Literature Limning Art
While reading The Sea by John Banville recently, I came upon a passage in which the author describes in detail a painting by the French post-impressionist Pierre Bonnard. The narrator, Max Morden, has been at work on, as he says "...a monograph on Bonnard, in which I have been mired for more years than I care to compute."
|Nude in the Bath and Small Dog (1941-46) Oil on canvas. Pierre Bonnard|
Later in the book he describes the painting entitled Nude in the Bath and Small Dog (although he gets the title wrong) started by Bonnard 1941 and finished in 1946. the subject is the artist's late wife, Marthe de Meligny (her real name was Maria Boursin). Banville's Morden describes the work thus:
"...she lies there, pink and mauve and gold, a goddess of the floating world, attenuated, ageless, as much dead as alive, beside her on the tiles her little brown dog, her familiar, a dachshund, I think, curled watchful on its mat or what may be a square of flaking sunlight falling from an unseen window. The narrow room that is her refuge vibrates around her, throbbing in its colors. Her feet, the left one tensed at the end of its impossibly long leg, seem to have pushed the bath out of shape and made it bulge at the left end, and beneath the bath on that side, in the same force field, the floor is pulled out of alignment too, and seems on the point of pouring away into the corner, not like a floor at all but a moving pool of dappled water. All moves here, moves in stillness, in aqueous silence. One hears a drip, a ripple, a fluttering sigh. A rust-red patch in the water beside the bather's right shoulder might be rust, or old blood, even. Her right hand rests on her thigh, stilled in the act of supination, and I think of Anna's hands on the table that first day when we came back from seeing Mr. Todd, her helpless hands with palms upturned as if to beg something from someone opposite her who was not there."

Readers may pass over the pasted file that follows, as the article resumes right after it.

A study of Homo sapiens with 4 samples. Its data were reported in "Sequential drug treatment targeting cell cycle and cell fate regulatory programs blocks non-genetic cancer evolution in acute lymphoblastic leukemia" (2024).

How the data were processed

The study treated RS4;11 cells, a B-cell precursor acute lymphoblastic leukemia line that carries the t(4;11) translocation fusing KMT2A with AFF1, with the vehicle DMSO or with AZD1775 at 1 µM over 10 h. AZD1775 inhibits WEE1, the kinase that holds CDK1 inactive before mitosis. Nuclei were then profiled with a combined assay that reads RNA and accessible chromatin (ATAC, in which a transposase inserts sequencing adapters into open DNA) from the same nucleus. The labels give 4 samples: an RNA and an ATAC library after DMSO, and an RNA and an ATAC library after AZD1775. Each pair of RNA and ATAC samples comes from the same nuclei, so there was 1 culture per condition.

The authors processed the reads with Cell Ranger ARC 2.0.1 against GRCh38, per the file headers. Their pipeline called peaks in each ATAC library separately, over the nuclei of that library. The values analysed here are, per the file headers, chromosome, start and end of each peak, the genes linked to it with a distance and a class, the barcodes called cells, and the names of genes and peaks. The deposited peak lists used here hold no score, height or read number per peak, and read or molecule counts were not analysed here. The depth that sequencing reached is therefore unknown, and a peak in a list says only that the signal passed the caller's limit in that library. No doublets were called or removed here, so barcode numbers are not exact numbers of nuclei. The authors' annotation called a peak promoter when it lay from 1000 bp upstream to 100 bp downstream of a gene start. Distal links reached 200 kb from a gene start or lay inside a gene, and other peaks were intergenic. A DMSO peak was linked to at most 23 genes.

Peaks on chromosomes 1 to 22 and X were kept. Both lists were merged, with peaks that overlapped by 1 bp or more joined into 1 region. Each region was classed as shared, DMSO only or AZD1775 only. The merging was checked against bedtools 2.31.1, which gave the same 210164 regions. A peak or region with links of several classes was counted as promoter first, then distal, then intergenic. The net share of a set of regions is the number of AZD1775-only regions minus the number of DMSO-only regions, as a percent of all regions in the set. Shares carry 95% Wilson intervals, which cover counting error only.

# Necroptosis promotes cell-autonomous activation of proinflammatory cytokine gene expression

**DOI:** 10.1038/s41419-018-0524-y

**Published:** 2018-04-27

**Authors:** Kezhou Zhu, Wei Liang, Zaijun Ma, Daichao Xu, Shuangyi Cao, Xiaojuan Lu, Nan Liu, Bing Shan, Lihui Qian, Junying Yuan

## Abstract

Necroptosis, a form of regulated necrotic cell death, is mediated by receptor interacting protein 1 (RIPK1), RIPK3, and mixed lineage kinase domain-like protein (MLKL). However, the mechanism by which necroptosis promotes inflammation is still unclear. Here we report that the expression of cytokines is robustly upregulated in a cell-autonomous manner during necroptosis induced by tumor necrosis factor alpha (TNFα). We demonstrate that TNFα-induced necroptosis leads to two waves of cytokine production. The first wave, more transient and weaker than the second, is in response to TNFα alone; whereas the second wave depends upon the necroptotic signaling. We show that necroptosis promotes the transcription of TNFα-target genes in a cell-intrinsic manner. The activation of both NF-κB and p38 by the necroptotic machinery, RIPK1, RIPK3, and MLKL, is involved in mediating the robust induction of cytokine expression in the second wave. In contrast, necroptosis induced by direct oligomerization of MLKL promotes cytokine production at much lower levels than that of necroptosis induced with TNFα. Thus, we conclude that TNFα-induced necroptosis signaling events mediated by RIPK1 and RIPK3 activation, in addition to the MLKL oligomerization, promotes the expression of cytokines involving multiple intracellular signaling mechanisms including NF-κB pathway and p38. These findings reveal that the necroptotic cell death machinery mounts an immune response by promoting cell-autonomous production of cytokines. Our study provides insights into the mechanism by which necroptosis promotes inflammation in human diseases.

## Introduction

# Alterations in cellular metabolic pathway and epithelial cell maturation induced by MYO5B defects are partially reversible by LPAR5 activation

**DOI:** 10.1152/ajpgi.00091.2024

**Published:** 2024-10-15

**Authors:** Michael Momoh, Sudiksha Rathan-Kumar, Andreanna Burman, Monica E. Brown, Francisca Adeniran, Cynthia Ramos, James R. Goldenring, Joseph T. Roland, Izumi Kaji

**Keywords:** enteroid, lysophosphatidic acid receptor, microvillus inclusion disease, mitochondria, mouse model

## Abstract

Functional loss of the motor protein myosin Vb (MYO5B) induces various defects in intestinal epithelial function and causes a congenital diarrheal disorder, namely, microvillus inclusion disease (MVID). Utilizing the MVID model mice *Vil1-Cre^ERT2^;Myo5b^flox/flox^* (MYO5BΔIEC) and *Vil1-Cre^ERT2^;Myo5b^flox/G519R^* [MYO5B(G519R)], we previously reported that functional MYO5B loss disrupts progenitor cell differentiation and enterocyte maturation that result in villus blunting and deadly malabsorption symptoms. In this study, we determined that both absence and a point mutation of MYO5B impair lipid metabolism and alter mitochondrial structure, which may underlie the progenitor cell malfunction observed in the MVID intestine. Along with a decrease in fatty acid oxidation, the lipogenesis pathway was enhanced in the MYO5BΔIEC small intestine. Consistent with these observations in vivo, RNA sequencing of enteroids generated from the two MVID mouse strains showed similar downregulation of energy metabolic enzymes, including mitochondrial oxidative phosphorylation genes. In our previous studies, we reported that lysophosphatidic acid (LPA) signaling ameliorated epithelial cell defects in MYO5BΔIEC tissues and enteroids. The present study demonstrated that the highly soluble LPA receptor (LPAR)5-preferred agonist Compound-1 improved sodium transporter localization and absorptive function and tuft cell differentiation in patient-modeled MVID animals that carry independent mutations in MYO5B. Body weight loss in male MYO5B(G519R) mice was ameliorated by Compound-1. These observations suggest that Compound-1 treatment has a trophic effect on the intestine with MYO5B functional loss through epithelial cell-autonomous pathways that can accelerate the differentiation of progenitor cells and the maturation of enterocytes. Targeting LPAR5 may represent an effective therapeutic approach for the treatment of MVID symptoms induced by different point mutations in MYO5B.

Anna is the narrator's doomed wife, a supplicant to both cancer and the allusive stamp of Mr. Todd, her physician. The painting seems an apt analogical device for Banville's short yet profound novel he called The Sea; as Pierre Bonnard himself wrote of his chosen vocation, "There is a formula, which fits painting perfectly: many little lies to create a great truth."